POSTED: 01:30 a.m. HST, Dec 24, 2010
LAST UPDATED: 12:04 p.m. HST, Dec 24, 2010
Charles Morrison traveled to Beijing this week to help set up an exchange program that will send 15 Chinese high school teachers to the U.S.
Add 15 more pieces to the mosaic of cross-Pacific connections made possible by the East-West Center.
The education and research center in Manoa celebrated its 50th anniversary this year, and Morrison, president since 1998, organized the July event. About 800 of the center's 60,000 alumni came together at the Hawai'i Convention Center.
The gathering was a reflection of what the center has accomplished. The ties formed by 60,000 alumni make the Asia-Pacific region more cohesive.
When asked to justify the East-West Center's $33 million annual budget, Morrison points to those individual connections across borders and cultures.
"Imagine if 50 years ago the U.S. started bringing young Israelis, Palestinians and other Arabs to a place to study and work together and 60,000 people had gone through the process. Would the Middle East be different today? I think it would."
THEY MADE A DIFFERENCE
Every day through year's end, the Star-Advertiser will recognize people who changed Hawaii in 2010. Some are familiar names; others shunned the spotlight. But all made a difference. The winners were chosen by Star-Advertiser editors from nominations submitted by staff members and readers.
Morrison, 66, was also key to Hawaii being selected to host the Asia-Pacific Economic Cooperation (APEC) leaders meeting in November, which will include the heads of state from the 21 largest economies in the Asia-Pacific region.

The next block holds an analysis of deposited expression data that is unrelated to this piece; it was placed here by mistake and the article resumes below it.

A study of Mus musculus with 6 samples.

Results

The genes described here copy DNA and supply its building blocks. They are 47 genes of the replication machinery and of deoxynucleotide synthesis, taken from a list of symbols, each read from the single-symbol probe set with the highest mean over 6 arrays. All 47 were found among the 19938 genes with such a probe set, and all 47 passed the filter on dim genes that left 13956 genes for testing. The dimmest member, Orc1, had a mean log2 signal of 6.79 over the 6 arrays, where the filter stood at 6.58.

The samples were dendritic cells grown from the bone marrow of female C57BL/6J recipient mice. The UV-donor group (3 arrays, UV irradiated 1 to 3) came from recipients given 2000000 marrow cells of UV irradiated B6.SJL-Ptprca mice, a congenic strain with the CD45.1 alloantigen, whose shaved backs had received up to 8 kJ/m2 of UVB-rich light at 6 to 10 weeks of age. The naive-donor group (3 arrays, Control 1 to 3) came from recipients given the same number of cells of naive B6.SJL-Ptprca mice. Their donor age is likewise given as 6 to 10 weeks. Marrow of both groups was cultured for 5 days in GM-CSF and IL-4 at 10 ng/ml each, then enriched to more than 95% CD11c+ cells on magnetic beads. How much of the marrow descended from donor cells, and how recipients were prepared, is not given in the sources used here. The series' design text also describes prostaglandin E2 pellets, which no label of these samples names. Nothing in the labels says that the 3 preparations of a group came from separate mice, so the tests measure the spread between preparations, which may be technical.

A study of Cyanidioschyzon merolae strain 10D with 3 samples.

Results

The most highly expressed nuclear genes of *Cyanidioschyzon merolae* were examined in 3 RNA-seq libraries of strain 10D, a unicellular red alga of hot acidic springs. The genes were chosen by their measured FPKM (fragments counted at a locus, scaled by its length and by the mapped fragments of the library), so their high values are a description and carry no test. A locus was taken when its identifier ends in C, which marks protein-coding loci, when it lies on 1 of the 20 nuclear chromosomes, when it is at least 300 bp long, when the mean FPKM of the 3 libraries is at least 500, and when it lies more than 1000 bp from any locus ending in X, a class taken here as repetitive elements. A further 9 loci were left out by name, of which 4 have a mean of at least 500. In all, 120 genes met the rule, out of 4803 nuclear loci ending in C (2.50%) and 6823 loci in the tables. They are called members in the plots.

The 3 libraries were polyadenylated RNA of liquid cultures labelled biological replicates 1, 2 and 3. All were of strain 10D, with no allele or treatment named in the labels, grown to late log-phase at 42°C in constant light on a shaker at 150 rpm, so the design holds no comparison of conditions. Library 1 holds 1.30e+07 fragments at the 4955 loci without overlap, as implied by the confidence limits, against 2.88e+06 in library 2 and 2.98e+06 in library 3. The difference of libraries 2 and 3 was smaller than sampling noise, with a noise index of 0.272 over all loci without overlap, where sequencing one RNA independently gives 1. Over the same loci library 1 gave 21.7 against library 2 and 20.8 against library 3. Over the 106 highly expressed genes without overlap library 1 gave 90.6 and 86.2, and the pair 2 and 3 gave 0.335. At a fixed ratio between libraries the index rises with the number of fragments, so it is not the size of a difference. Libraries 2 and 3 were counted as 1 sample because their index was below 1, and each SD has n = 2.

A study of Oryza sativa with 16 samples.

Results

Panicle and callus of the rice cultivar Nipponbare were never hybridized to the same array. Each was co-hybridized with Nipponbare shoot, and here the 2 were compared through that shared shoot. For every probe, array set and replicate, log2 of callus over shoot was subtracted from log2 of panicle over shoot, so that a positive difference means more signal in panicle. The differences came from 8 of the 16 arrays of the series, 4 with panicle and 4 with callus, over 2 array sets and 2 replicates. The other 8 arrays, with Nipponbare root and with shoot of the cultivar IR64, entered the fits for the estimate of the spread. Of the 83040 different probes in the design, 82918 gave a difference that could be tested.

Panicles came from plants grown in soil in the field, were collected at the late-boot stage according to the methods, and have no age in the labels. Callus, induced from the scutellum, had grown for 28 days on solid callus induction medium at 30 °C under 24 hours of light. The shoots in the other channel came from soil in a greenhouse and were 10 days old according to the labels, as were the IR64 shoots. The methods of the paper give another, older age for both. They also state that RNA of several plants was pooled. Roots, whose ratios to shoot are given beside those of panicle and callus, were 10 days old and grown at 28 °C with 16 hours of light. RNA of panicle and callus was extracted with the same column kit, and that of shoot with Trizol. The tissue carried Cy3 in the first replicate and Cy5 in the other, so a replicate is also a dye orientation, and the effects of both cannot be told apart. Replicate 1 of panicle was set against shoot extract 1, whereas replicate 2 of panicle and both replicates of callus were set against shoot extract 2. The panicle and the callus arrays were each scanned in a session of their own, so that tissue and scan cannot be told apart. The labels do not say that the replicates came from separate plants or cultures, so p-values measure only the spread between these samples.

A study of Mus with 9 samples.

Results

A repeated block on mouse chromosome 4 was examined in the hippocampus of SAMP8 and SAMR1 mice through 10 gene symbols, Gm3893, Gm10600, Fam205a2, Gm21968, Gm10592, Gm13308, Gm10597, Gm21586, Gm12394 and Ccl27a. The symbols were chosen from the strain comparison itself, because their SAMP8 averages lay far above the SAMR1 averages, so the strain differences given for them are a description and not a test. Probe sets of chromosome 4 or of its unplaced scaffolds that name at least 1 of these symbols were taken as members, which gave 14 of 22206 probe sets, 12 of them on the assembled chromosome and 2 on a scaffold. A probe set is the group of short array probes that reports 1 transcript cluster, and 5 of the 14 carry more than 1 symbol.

APEC could be a breakthrough event for Hawaii if it leads to the state playing host to similar global meetings in the future, Morrison said in a telephone interview from Beijing.
"We have an agenda to make sure it is not just a single event," Morrison said. He hopes Hawaii will be able to host a major international event—such as the G8 or G20 meetings of world leaders—once every five years or so, as well as smaller business and governmental meetings. "If APEC leads to that, it will have been very successful," he said.
So how did Morrison convince Washington bureaucrats to select Honolulu for APEC instead of a larger city with more resources?
"We argued we would have the best shirts for the leaders," Morrison joked, referring to the custom of APEC leaders posing for a group photo in traditional dress from the host nation. There was some truth to the statement, he added. "Getting people in aloha shirts is conducive to getting business done."
Morrison is from Montana and has lived on Oahu since 1980. He has a doctorate from Johns Hopkins School of Advanced International Studies and four grown children. He lives with his wife and mother-in-law in Honolulu.